Hypothyroidism in the dog
All of these tissues secrete chemical substances called hormones that have a profound effect on certain "target" tissues. But of all those glands and hormones, the thyroid gland is considered the Master Gland. If the thyroid gland is malfunctioning, every cell in the body is affected. No wonder dogs, properly diagnosed with hypothyroidism and placed on appropriate thyroid hormone supplements, will look, act and feel so much better than before treatment.
Most dogs show signs of hypothyroidism between 3 and 5 years of age but diagnosis isn't made in some dogs until they are years older. Males and females seem to be equally affected. Routine testing of young dogs is not commonly done. Some veterinarians believe that if a dog has not acquired Hypothyroidism by 5 or 6 years of age, the odds are good that it will never be a problem for that individual. (Cats rarely acquire hypothyroidism but have more trouble with hyperthyroidism, especially older cats.)
One of the most commonly seen signs that a dog may have insufficient secretion of thyroid hormone is weight gain with apparently little food intake. Any overweight pet should be checked for Hypothyroidism. In long-standing cases there often is lack of proper hair coat and even hair loss. This loss generally displays a pattern over the lumbar area on both sides, sparse hairs on the back of the rear legs and lack of hair along the abdomen. The coat tends to lack luster and the finer hairs of the undercoat may be missing entirely. Most dogs with hypothyroidism lack energy, prefer warm environments and have poor exercise tolerance. Of great concern to breeders is the fact that dogs with hypothyroidism may be infertile and many breeders have their dogs tested for thyroid function prior to breeding; in dogs with a poor breeding history, hypothyroidism often is the culprit.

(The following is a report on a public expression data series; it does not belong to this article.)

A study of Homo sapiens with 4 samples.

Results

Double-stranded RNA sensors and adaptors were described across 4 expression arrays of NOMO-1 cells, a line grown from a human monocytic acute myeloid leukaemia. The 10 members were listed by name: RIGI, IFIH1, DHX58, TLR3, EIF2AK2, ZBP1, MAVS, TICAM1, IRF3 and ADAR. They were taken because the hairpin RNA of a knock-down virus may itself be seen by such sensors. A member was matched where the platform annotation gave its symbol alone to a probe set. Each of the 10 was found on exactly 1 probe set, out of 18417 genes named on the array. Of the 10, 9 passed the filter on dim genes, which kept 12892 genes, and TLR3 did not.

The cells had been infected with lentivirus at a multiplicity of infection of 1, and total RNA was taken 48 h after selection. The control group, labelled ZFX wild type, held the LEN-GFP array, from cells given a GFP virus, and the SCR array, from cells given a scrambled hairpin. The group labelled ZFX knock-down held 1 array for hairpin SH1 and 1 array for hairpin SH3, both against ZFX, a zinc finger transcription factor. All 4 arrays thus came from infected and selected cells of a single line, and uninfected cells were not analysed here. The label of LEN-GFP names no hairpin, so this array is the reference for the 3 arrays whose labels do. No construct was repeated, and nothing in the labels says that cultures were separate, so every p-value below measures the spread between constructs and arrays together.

If the physical exam or history indicates probable Hypothyroidism, the veterinarian will take a blood sample and have more tests run. The most common tests for thyroid function are T4 (the main Thyroid hormone) and canine TSH (Thyroid Stimulating Hormone from the Pituitary Gland). Some veterinary laboratories now recommend TgAA (Thyroglobin Auto-antibody) analysis be done because it identifies thyroiditis much earlier in the progression of the disease. All of these assays are relatively inexpensive, and the information they provide in invaluable to establishing a diagnosis.
L-thyroxine (T4) tablets are generally administered twice a day. When given twice a day, most veterinarians prescribe 0.1 mg/10 pounds twice per day as the initial dosage. Repeat exams and occasional follow-up blood testing really helps to fine tune the proper amount of medication needed for each patient.
Is hypothyroidism inherited? Evidence indicates some familial patterns of inheritance. There are more than half a dozen studies reporting the familial incidence of autoimmune thyroiditis.
Not all cases of hypothyroidism are due to autoimmune lymphocytic infiltration of the gland. There can be other "inducers" of the disease such as consumption of too much Iodine. These inducers can be very difficult to identify.
Humans may acquire what is called Hashimoto's Disease, a genetically transmitted form of hypothyroidism but this disease is not the same as autoimmune thyroiditis in dogs. In Hashimoto's Disease females are five times more likely to get the disease than males. There are other differences, as well.